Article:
Weekly livestock news: May 16, 2022

USDA’s African swine fever vaccine moves one step closer to commercial development

An African swine fever vaccine candidate developed by federal scientists recently passed an important safety test, offering some promise as countries around the world deal with ASF and the United States continues to try to keep it from crossing its borders. “These new results show that USDA’s vaccine candidate does not revert to its normal virulence after being injected into swine,” according to the Agricultural Research Service. This is important to ensure the vaccine’s weakened form of the ASF virus doesn’t revert to its original state, ARS said. A company in Vietnam has selected this vaccine candidate for commercial development, though it still needs regulatory approval there. “This promising research will pay huge dividends, obviously for Vietnamese pigs, but also globally if the vaccine becomes commercially available and is widely adopted in pork-production countries,” Kevin Schulz writes in Farm Progress.

Federal pilot aims to create national African swine fever response plan

A federally funded pilot program could lead to a national African swine fever response plan, with the idea of increasing collaboration among producers, packers, veterinarians, and state and federal officials. The U.S. Swine Health Improvement Plan (SHIP) is halfway through its four-year pilot phase. During the pilot, officials are working to create a certification program to verify farms and slaughter facilities are free of African swine fever and classical swine fever, and that they’ve added sufficient biosecurity measures. The program would be administered by participating states. So far, 28 have signed on to the pilot, including the 15 that together raise more than 99% of the country’s pigs, according to one program leader. Participating states are enrolling pork producers, who are assessing their facilities’ compliance with program standards. The program is also evaluating methods to trace animal movements in the country, which can help track disease spread. If successful, the SHIP pilot could lead to a permanent USDA program, according to the AVMA.

Avian flu detected in Pacific Northwest backyard flocks

The avian flu that’s been spreading across the United States has been detected in the Pacific Northwest in an outbreak that involved at least three geese in a rural backyard flock in Oregon. The virus was found in Linn County, about 110 miles southeast of Portland. Washington officials also confirmed avian flu in Pacific County, in a remote part of the state’s southern coast among a backyard chicken flock. Officials were trying to confirm at least three other suspected cases in the state. The discovery of the virus in the Pacific Northwest wasn’t unexpected given its rapid spread across the country. An infected bald eagle was found in British Columbia, Canada, in early March. Officials in Oregon and Washington have reportedly euthanized up to 150 birds in the two states and were advising backyard flock owners to bring their birds inside as much as possible to avoid cross-species contact. The virus hasn’t been detected in commercial flocks in either state, Oregon Public Broadcasting reports.

Neogen and Gencove launch InfiniSEEK cattle genome sequencing tool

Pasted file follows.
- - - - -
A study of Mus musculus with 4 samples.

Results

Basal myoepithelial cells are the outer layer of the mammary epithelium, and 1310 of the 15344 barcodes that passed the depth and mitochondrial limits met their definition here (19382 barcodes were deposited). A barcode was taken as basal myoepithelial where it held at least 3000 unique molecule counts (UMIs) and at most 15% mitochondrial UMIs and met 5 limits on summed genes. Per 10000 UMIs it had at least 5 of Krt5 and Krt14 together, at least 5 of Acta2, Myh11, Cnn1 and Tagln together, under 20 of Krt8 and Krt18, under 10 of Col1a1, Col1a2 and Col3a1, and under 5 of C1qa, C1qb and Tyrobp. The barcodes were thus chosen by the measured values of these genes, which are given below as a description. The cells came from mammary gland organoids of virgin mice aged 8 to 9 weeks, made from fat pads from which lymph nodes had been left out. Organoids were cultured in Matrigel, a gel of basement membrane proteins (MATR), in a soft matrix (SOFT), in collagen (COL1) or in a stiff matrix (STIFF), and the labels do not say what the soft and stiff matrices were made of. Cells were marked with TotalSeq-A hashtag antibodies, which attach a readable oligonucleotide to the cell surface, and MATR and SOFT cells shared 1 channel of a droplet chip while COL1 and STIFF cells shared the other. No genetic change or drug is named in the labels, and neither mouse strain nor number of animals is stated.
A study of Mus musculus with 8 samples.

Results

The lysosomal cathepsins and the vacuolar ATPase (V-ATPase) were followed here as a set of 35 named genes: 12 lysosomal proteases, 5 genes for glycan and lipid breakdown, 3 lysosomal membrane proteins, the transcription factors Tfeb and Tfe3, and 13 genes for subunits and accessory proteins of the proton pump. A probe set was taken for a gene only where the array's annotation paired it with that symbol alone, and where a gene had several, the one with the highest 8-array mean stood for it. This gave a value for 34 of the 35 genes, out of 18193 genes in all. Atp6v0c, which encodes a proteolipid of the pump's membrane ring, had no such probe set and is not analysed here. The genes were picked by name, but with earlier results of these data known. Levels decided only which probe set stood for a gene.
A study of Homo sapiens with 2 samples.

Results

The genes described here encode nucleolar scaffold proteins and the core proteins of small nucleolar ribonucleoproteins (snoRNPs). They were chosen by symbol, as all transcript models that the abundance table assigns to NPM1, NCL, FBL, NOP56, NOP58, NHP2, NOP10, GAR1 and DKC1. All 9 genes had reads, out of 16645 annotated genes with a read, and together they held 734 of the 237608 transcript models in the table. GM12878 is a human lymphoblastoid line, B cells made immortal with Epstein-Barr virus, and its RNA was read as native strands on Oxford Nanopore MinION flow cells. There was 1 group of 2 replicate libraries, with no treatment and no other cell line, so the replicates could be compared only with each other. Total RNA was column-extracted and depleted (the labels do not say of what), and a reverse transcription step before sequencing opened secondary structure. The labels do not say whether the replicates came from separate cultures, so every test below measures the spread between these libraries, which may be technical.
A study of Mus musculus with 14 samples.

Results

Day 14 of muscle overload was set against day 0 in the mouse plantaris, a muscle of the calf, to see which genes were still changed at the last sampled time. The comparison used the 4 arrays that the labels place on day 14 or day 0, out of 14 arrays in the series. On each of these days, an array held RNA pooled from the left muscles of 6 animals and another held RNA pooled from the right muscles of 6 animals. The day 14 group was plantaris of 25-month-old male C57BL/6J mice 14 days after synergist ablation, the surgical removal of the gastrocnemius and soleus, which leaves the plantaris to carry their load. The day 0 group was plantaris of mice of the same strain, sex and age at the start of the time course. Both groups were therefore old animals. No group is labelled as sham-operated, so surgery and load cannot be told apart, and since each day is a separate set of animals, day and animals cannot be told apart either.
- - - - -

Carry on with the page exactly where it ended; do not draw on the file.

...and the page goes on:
Neogen and Gencove announced the launch of InfiniSEEK, which the companies describe as “an innovative, cost-effective solution for whole genome sequencing and targeted SNP analysis.” The product is meant to improve cattle breeding. “With the launch of InfiniSEEK, our customers now have a data-rich, cost-efficient way to get genome-wide sequence data, specific genetic traits and parentage markers simultaneously with excellent accuracy to characterize cattle across the world,” said Jason Lilly, Neogen’s vice president of international business.

Calgary veterinary school gets funding bump to increase enrollment, expand Alberta’s large-animal veterinarian base

The University of Calgary’s Faculty of Veterinary Medicine is getting new funding from the government of Alberta in an effort to increase the number of large-animal veterinarians and veterinary technologists across the rural areas of the province. The funding includes 8.4 million Canadian dollars over three years to support enrollment expansion at the university and 59 million Canadian dollars in capital funding over three years to support construction of new infrastructure to accommodate future veterinary students, RMO Today reports. The province has an estimated shortage of 850 veterinary professionals, said Alberta Premier Jason Kenney.

What the stalled Sanderson Farms – Wayne Farms deal could mean for future meat industry mergers

Cargill and Continental Grain’s stalled $4.53 billion purchase of Sanderson Farms could be a sign of future challenges for meat industry mergers and acquisitions, Food Dive reports. The companies have been trying to make the deal as the Biden administration takes a harder line on industry consolidation. Already the “Big Four” poultry processors—Tyson, JBS, Perdue and Sanderson Farms—control a combined 54% of the poultry market, and the pending transaction would bring their share to 60%. “That seems like a consolidated industry,” said Michael Carrier, a professor of antitrust law at Rutgers. The nature of the deal could also cause challenges, since Cargill produces chicken feed while Sanderson and Continental Grain subsidiary Wayne Farms raise poultry for consumption. That could further stall the deal if regulators decide it’s problematic for a chicken feed provider to have market share over competitors in the poultry market, said John Lopatka, a professor of antitrust law at Penn State Law.